Research Q & A
What’s your hometown?
I was born in Syracuse, New York, but I mostly grew up in Tampa, Florida, which I consider to be my hometown.
What are you currently working on?
My dissertation research focuses on squamates (lizards and snakes), one of the largest groups of living vertebrates (> 11,000 recognized species). I’m currently working on analyzing my dataset of CT scans to see how the 3D shapes of squamate teeth relate to their diets. This has been extensively studied in mammals, but not so much in reptiles. If tooth shape is a good indicator of diet in modern squamates, then we can use the shapes of fossilized teeth to predict the diets of extinct squamates, which is another component of my dissertation. Specifically, I’m investigating if/how the diets of extinct lizards changed in response to climate change in the deep past, using fossil evidence.
How did you get started/what drew you to your area of study?
Growing up in Florida, I was very fortunate to be surrounded by amazing wildlife every day. I spent a lot of time during my childhood running around outside and reading about different animals and fossils. I’ve always been particularly fascinated by reptiles, especially crocodylians and lizards, which I’ve had the privilege of conducting research on for nearly a decade now.
Why are you focusing your work in that area?
Reptiles are more than just really awesome animals—they are also very important barometers for the environment. They readily respond to changes in climate, and understanding their responses could help us learn how to better conserve them and their ecosystems. Studying the fossil record offers a unique opportunity to travel back in time and see how reptiles evolved and responded to past climate change events.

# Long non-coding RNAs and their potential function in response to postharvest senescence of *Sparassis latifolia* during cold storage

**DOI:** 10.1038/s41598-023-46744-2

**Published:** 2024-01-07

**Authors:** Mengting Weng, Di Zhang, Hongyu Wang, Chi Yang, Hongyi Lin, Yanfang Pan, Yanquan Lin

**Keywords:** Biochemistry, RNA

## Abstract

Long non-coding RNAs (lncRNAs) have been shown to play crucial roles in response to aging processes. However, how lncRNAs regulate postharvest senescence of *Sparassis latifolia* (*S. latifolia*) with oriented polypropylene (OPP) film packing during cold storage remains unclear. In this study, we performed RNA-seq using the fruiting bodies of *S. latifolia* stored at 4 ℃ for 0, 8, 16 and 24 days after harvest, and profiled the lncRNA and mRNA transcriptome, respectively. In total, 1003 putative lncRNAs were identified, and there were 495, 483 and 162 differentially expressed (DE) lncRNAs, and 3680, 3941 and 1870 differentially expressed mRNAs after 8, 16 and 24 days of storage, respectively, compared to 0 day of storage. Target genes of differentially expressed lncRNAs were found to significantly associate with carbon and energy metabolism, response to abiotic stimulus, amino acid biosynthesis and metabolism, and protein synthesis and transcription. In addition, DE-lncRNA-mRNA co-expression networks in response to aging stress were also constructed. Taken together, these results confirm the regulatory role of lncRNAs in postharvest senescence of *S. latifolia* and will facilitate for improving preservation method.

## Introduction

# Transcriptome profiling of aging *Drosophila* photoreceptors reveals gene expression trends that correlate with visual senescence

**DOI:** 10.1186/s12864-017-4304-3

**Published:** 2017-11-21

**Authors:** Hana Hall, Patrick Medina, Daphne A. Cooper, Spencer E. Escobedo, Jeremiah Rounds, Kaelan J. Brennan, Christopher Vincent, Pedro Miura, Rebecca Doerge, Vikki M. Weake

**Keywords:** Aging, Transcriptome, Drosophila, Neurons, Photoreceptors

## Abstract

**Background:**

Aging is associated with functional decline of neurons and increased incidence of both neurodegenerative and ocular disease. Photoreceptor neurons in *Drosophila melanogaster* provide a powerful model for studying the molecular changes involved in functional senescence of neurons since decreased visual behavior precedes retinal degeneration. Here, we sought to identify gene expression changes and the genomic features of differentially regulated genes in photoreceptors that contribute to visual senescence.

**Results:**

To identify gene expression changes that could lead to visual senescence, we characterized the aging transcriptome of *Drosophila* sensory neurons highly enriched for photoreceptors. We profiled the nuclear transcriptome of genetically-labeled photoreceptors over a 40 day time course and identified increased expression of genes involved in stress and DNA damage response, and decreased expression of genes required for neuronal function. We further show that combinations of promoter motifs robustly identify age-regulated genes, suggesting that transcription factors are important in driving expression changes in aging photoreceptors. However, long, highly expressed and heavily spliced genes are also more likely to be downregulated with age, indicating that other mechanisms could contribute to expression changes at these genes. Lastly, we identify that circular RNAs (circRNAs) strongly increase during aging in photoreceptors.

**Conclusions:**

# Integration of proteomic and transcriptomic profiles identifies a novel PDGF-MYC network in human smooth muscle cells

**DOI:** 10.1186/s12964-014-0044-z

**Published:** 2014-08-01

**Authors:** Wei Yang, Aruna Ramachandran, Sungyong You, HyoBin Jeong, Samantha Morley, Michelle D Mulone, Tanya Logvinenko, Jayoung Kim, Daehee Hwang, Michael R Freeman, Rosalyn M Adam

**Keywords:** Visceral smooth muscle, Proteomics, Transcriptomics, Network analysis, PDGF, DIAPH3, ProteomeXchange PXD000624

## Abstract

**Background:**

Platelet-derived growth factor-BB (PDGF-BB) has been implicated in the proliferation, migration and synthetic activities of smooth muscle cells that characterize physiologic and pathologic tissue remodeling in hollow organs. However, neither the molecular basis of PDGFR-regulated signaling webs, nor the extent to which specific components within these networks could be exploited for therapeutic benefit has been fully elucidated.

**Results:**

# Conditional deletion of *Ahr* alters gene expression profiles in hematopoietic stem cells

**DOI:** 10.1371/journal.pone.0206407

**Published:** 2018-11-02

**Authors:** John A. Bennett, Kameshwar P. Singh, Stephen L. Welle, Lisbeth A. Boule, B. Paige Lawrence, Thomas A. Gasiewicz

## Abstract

Where are you working on research/field work?
The modern squamates I’m studying come from all over the world and are housed in several natural history museum collections, including the Bell Museum. The fossils I’m studying come from the Bighorn Basin of Wyoming and Williston Basin of North Dakota, and are housed in the Florida Museum of Natural History and Science Museum of Minnesota, respectively. The Bighorn Basin fossils represent lizards that lived during a major episode of past global warming 56 million years ago, called the Paleocene-Eocene thermal maximum (PETM), whereas the Williston Basin fossils represent lizards that lived 59 million years ago, during a milder climatic interval before the PETM.
What will your next steps/research be?
I hope to wrap up and eventually publish my dissertation research, and pursue a postdoctoral position that allows me to continue to study modern and fossil reptiles and share my passion for natural history with others through education and outreach. I’m very grateful for the research and outreach opportunities I’ve had at the Bell Museum during my Ph.D., which have helped me learn and grow as both a scientist and educator.
CT scan of a specimen in the Bell Museum collections, an arboreal alligator lizard (Abronia taeniata) from Mexico.
Evan Whiting enjoying a hike in Florida, hoping to see some wildlife.